Organic change starts small and innocuous, so that resistance to change doesn’t seem necessary.

D. Organic growth is incremental and gradual, but increments multiply in size with each generation. Organic change starts small and innocuous, so that resistance to change doesn’t seem necessary. The change accelerates in the background, doubling at each stage, to the point where it is unstoppable. Whether the change is like leaven or like lilies in pond, the organic approach works. Senge refers to the S-shaped diffusion curve as “sigmoidal growth” which is “everywhere in nature.”[1]

E. Two Ponds Concept. If the adoption of an innovation is like the spreading of lily pads, then there are two ponds. One is smaller pond of the visionary minority; Moore calls this the early market with 16% of the total size.[2] The second pond is the remainder of the church, the pragmatic majority, which Moore calls the Mainstream market.[3] An organic change builds momentum in the early market, adapting to local needs and focusing on crossing over the chasm into the Mainstream market at a point of greatest convenience. Once established in a small niche in the mainstream market, the innovation expands organically to fill the second pond.[4]

HOMEWORK Discussion Questions:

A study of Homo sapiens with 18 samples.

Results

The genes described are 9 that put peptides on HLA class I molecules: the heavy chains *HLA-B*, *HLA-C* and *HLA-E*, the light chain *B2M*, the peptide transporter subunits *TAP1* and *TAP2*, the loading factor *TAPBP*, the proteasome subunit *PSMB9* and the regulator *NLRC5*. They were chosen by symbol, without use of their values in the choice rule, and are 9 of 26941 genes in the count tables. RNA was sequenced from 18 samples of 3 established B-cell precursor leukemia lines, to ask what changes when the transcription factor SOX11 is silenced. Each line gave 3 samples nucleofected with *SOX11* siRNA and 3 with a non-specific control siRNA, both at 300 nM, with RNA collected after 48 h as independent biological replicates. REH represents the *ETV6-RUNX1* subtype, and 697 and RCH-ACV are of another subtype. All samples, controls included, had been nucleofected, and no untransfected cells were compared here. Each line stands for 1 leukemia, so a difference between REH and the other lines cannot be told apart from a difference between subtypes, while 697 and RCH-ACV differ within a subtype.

2.37.What does it mean to you for Jesus Christ to be Lord of a person’s life? Of your life?

How does this affect thinking, emotions, and behavior? What does the Lord want from you?

2.38. Where is it easy for Jesus to be Lord of your life? Where is it harder? Impossible?

2.39 What percent of your church would you say honestly follows Jesus as Lord?

2.40 How does your congregation talk about Jesus as Lord? How often? What is said?

2.41 What would be different if over 80% of your congregation were 100% committed to follow Jesus as Lord?

[1]Senge, Dance of Change, 7. Cf. Senge, Fifth Discipline, 83.

[2]Moore, Crossing the Chasm, 27, 38-41, 104-105. Paul Wiefels, The Chasm Companion: A Fieldbook to Crossing the Chasm and Inside the Tornado (New York: HarperCollins, 2002), 17-33.

[3]Moore, Crossing the Chasm, 41-55. Wiefels, Chasm Companion, 41-91.

[4]Moore, Crossing the Chasm, xi, 5. Wiefels, Chasm Companion, 34-75.